Brilliant highs and disappointing lows with Arden
Arden has to be one of the hardest audio dramas for me to review. Not because it was inherently bad, but rather because it was both fantastic and frustrating at the same time.
Arden starts off strong with a great premise: Ten years ago, Julie Capsom, a starlet in her prime, disappears in the middle of the night, leaving a lot of her own blood and the torso of an ex in the trunk. Now, two “investigators” take a deep look at the case through a mockucast (is that the term?) lens.
The murder mystery is an interesting one – perplexing, relevant (you find out why later) and shocking. The investigators hosting the podcast are… not. And the show is much more about the podcast hosts than it is about the missing Julie Capsom. And thus begins the dichotomy of great and frustrating – which stays all the way through the end.
Don’t get me wrong – there isn’t anything wrong with the acting or quality of this show – it’s very technically sound. And the characters of Bea and Brenda are likable enough to where the first few episodes are a plenty entry point.
However, the further you get into it (specifically episodes 3 through 7), you start to see the cracks. Arden does not know when enough is enough.
Each episode is approximately 45 minutes. Okay, fine. I like my Audio Drama episodes a bit shorter, but for an interesting mystery, I’d take a 3 hour episode. Unfortunately, a large majority of that 45 minutes is made up of bickering and banter between Bea and Brenda. (Alliteration is fun.)
Unlike my fellow reviewer, who wasn’t able to connect with the characters at all, I actually found them fun for the most part. But even initially enjoying their dynamic quickly devolved the longer I sat through a lot of back and forth with very little substance, not only in character development, but also in actual murder-mystery plot progression.
For a large portion of the show, it’s almost like Bea and Brenda accomplish nothing and find out no new information about the case. So much so, in fact, that I initially wrote a note about 18 minutes into episode 6: “When will they get to the case?” and then followed that note with another 20 minutes later: “They didn’t.”
Seriously. Episode 6 is all about the back and forth of the characters, until the last minute. (Which is then summed up in a few seconds during the recap of episode 7 – so, all in all, a pretty skippable episode.)
Which is unfortunate, because I wanted to like this show. I wanted to get into and be captivated with the character development alongside the murder mystery plot, but it just didn’t happen. There is too much bickering, too much banter that bogs down each and every episode. And when you finally start to see development between the two characters, nothing really pans out.
Yet, when the dynamic duo does finally get to the case, there are moments of real intrigue and genius. The sections where they learn of Julie’s potential sexual abuse are a poignant development in the case. And eventually, spoiler warning, they actually learn what happens to Julie – and it’s the best episode of the show.
Episode 11 flips the format of the show on its head. No longer are we listening to a fake podcast following the case, but we’re with Julie as she goes through every experience, grows up, and eventually fakes her dead. It’s brilliant, sad, and beautifully told. Listeners are easily captivated by Julie’s story and deeply care about her character development, all in the span of a single episode – something that the rest of the audio drama couldn’t do in 10 full episodes. Then, to make the final minutes of the episode even better, Bea knocks at Julie’s door. So. Damn. Good. (In fact, I think this should have been the ending of Season 1.)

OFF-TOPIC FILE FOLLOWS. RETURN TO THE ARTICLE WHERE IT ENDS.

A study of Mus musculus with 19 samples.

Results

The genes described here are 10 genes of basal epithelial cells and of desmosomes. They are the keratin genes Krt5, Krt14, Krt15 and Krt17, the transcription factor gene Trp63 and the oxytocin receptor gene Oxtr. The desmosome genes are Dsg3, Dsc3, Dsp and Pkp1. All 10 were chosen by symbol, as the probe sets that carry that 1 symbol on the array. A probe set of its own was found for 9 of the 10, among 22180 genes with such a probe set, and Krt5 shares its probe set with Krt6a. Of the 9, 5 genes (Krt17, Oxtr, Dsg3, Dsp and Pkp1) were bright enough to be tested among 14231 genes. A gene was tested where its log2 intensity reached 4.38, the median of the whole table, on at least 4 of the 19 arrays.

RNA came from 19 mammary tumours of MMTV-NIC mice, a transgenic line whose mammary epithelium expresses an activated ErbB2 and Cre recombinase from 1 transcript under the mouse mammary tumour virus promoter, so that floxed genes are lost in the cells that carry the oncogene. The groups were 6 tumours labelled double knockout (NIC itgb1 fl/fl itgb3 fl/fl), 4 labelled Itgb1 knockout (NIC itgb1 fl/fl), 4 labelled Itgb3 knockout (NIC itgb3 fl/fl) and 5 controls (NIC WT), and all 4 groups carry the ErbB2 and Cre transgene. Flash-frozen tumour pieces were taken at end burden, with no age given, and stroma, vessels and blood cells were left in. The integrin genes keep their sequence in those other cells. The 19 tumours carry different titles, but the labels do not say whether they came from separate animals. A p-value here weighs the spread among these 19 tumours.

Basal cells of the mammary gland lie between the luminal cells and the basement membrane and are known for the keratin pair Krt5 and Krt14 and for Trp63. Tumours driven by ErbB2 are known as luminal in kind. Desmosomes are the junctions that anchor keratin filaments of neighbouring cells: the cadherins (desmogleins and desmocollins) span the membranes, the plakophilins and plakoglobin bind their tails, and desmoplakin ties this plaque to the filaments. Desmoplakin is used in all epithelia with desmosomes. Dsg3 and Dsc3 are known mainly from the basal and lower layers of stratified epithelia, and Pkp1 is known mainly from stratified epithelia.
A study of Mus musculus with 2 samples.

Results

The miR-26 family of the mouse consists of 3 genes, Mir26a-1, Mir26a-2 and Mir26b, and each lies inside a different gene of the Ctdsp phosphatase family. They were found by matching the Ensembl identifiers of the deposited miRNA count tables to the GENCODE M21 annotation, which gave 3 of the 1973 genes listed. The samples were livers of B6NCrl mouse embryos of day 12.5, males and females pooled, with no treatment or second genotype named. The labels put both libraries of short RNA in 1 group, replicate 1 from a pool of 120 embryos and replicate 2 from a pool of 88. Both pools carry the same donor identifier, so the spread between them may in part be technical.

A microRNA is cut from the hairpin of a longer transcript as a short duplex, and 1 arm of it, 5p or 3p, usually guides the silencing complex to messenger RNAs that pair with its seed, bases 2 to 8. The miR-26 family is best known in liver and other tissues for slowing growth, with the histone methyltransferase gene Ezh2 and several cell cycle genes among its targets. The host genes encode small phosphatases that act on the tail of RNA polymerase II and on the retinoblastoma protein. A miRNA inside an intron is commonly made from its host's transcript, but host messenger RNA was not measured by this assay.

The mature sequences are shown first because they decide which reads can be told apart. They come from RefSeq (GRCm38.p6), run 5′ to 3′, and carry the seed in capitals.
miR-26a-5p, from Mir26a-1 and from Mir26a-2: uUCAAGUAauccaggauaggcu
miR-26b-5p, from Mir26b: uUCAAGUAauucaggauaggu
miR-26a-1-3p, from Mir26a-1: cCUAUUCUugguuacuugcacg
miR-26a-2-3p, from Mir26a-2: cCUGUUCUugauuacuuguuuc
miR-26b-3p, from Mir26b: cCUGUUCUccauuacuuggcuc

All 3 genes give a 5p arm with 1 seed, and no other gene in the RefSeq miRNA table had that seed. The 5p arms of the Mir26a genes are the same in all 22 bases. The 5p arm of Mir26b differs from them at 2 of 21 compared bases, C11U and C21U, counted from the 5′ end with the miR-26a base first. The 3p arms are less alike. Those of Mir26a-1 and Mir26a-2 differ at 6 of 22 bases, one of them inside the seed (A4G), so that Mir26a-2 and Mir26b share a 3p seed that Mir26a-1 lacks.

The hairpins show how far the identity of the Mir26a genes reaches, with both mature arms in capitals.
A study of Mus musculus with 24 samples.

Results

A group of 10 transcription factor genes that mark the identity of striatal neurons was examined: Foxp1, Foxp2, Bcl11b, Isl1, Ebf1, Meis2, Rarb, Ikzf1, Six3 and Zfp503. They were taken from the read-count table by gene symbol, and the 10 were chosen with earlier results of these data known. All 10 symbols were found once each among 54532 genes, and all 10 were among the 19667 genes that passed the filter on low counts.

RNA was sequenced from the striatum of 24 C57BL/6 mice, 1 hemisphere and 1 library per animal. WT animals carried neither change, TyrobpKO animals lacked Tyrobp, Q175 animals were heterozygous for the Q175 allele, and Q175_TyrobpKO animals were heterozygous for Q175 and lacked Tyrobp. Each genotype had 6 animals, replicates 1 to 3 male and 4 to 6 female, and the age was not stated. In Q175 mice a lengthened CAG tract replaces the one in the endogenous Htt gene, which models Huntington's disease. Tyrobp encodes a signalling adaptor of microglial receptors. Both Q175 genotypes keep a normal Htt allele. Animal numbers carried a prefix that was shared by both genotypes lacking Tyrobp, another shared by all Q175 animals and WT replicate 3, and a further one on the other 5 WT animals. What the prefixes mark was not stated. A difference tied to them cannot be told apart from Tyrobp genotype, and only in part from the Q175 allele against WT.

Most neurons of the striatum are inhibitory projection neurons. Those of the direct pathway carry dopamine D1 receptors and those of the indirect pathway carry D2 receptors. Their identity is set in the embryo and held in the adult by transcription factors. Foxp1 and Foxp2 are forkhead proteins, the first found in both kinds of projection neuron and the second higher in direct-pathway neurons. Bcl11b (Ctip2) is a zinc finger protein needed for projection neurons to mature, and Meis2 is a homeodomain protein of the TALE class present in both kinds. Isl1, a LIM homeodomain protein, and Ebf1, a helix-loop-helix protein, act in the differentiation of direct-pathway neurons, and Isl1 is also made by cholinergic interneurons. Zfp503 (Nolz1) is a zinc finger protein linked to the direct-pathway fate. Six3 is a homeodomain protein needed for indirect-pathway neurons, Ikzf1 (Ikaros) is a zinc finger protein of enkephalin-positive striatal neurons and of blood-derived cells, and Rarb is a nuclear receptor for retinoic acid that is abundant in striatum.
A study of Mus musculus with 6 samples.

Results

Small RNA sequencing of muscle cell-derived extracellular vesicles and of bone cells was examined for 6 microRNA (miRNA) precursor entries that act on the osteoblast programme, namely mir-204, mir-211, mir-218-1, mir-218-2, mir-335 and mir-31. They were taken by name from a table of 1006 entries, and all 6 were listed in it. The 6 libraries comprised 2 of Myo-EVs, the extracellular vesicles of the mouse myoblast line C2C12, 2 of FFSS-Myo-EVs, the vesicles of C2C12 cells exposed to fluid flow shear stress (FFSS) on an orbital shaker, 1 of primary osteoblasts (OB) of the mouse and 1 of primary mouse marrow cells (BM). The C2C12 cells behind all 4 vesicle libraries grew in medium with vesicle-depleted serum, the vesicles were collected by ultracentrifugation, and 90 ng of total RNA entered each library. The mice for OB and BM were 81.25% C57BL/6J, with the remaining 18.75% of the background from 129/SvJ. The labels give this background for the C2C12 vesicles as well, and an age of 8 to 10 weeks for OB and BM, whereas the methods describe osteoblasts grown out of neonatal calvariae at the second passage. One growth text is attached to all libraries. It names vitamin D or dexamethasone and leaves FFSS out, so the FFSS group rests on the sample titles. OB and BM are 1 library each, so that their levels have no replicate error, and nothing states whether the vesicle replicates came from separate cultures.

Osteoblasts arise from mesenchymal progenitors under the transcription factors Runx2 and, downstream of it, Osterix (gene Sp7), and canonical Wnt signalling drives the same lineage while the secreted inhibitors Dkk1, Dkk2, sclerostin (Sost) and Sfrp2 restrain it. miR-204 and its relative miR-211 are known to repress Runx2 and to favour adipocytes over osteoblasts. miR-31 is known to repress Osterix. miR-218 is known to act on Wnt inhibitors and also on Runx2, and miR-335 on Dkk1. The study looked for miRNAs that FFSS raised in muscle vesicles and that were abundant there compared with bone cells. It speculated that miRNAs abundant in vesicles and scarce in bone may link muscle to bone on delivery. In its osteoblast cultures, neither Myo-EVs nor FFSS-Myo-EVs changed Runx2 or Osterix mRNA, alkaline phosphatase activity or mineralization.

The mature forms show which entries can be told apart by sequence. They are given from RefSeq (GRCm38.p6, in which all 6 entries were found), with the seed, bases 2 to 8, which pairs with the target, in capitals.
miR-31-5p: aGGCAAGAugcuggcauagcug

As fantastic as this episode is, it brings to light a huge problem for the show – the best episode completely abandons the framework, goes outside the plot device of a podcast, and makes the audience ask how and why they’re listening to this. If the creators are going to make it painfully obvious that we’re listening to a recording, that better be the frame for the entire show. Otherwise, why even have the frame in the first place?
And finally, after we learn of Julie’s new life, feel connected to her character and could potentially be happy with the beautiful way the series ended – we have episode 12. Episode 12 completely undermines everything we’d hoped for in episode 11. And although I am the last person to want a happy ending in a series, I really found the way all of the events played out here to be the second biggest let down of my audio drama review career (the biggest let down is Limetown Season 2).
I’m not saying that Arden should have had a happy ending. In fact, it makes sense that it wouldn’t. But I am saying that, as a listener, I found the two main characters of the show completely screwing over a character who wants nothing but peace to only put a wedge further between my connection to Bea and Brenda.
Overall, Arden is not a bad show. It’s technically well done, has a great premise and an interesting overarching plot, but it’s heavily weighed down by close to 30 minutes of bickering per episode, which only ever improves in episodes 10 through 12.
The murder mystery quickly becomes a sub plot, and even for people who like to focus on the two leads’ character development, it’s a slow, painful crawl towards anything meaningful. It also doesn’t help that by making the show a comedy around a serious topic, it sort of cheapens the whole respect for this girl’s potential murder.
Would I recommend the show? Sure. You may have a very different opinion than I do. But even if you go through the same frustrations as we did here at AudiOhm, it’s worth it just to experience episode 11. (But then… don’t listen to episode 12 if you can help it.) Beautiful and frustrating, Arden can’t see the forest through the trees.